With $178 billion in cash, AAPL - which is the largest company in the world with market cap of over $660 billion - has a greater cash hoard than the market cap of all but 17 S&P 500 companies. The table below shows Apple's cash holdings in context.
Apple Reports Blowout Quarter Due To China Sales Surge, Cash Rises To $178 Billion: The Quarter In ChartsSubmitted by Tyler Durden on 01/27/2015 - 16:53
While the rest of the tech space has been sucking wind so far this quarter, Apple just reported its most blowout, and record, quarter in recent history. Their Q1 numbers are simply stunning and as follows:
It’s important that we all, European or not, grasp how lacking in morality the entire system prevalent in the west, including the EU, has become. This shows in East Ukraine, where sheer propaganda has shaped opinions for at least a full year now. It’s not about what is real, it’s about what ‘leaders’ would like you to think and believe. And this same immorality has conquered Greece too; there may be no guns, but there are plenty victims. The EU is a disgrace, a predatory beast unleashed upon all corners of Europe that resist central control and, well, debt slavery really, if you live on the wrong side of the tracks. SYRIZA may be the last chance Europe has to right its wrongs, before fighting in the streets becomes an everyday reality.
Spy 1: You can ask about ETF. . . . E-T-F. E, exchange.
Spy 2: Yes, got it.
Spy 1: How they are used, the mechanisms of use for destabilization of the markets.
Spy 2: Aha.
Spy 1: Then you can ask them what they think about limiting the use of trading robots. . . .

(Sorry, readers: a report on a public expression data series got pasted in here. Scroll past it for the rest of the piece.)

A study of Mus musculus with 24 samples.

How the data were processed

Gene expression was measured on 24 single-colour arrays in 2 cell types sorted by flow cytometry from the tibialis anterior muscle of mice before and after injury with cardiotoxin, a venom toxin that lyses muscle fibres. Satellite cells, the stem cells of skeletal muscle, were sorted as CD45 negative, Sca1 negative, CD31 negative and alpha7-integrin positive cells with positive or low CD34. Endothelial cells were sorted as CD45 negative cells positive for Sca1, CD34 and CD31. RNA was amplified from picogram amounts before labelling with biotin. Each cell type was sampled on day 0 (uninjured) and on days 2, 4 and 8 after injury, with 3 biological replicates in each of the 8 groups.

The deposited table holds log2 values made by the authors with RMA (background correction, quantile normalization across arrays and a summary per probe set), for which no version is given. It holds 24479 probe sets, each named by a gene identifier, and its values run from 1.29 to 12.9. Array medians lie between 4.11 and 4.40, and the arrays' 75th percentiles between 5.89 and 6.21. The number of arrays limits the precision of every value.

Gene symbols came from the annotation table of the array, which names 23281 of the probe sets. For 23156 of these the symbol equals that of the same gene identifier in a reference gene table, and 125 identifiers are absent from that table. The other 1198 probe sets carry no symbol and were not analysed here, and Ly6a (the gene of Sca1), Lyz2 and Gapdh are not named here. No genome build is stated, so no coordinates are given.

"The only conference call you will ever need," according to Jim Cramer, is Caterpillar, it "is my gospel, my go-to call on which many of my decisions are based... I trust Caterpillar's long-term vision... it is a superb evaluator of what's happening in each of the countries it sells in and gives you the most thorough description of each economy." As Cramer concludes, "Caterpillar's the primer, the sopurce for your global outlook..."
"There is no alternative..." "Cleanest dirty shirt..." "Fed has to raise rates..." "Decoupled..." - Umm no! 2015 has started with the worst disappointment and weakness in US Macro data in at least a decade... but apart from that, BTFD!
On this day in 1955, the police were called to the five story, Fifth Avenue, mansion of Serge Rubenstein. There they found the corpse of the controversial 46 year-old "Financier." He had been strangled with a curtain cord. Rubenstein embodied in one man everything that would later be called "the sins of the eighties." He was greedy. He was flashy. He was a raider. His operations were shrouded in mystery and covered by dummy companies. And he used the press to exaggerate his wealth, so that he could bump up his credit with gullible bankers. He had been the guest of presidents and potentates. And through it all most folks thought he was a real slime ball. In covering his murder, Time magazine felt he had so many enemies that, with only a little tongue in cheek, Time congratulated the New York City police on having "....narrowed the list of suspects down to 10,000." It never got narrower.
Alexis Tsipras has announced his new cabinet to lead Greece forward - with or without Europe. As was expected the economist Yanis Varoufakis was given the key position of Finance Minister, and another influential economist, Nikos Dragasakis was appointed Deputy Prime Minister...
"This is not blackmail," explains new Greek Finance Minister Yanis Varoufakis, "we simply want to end this seemingly never-ending Greek Crisis." In what must be worryingly calm and simple to comprehend words for Brussels, Varoufakis tells CNBC's Michelle Caruso-Cabrera, "this is what happens when you humilate a nation and don't give it any hope." Carefully noting that membership in the Euro is not imperative, Varoufakis concludes "bankruptcy cannot be dealt with by borrowing more," asking rhetorically, "how can I look the German and Finnish taxpayer in the eye and tell them you know I can't really pay you the money I have already borrowed from you..." but lend me more so I can pay back the ECB?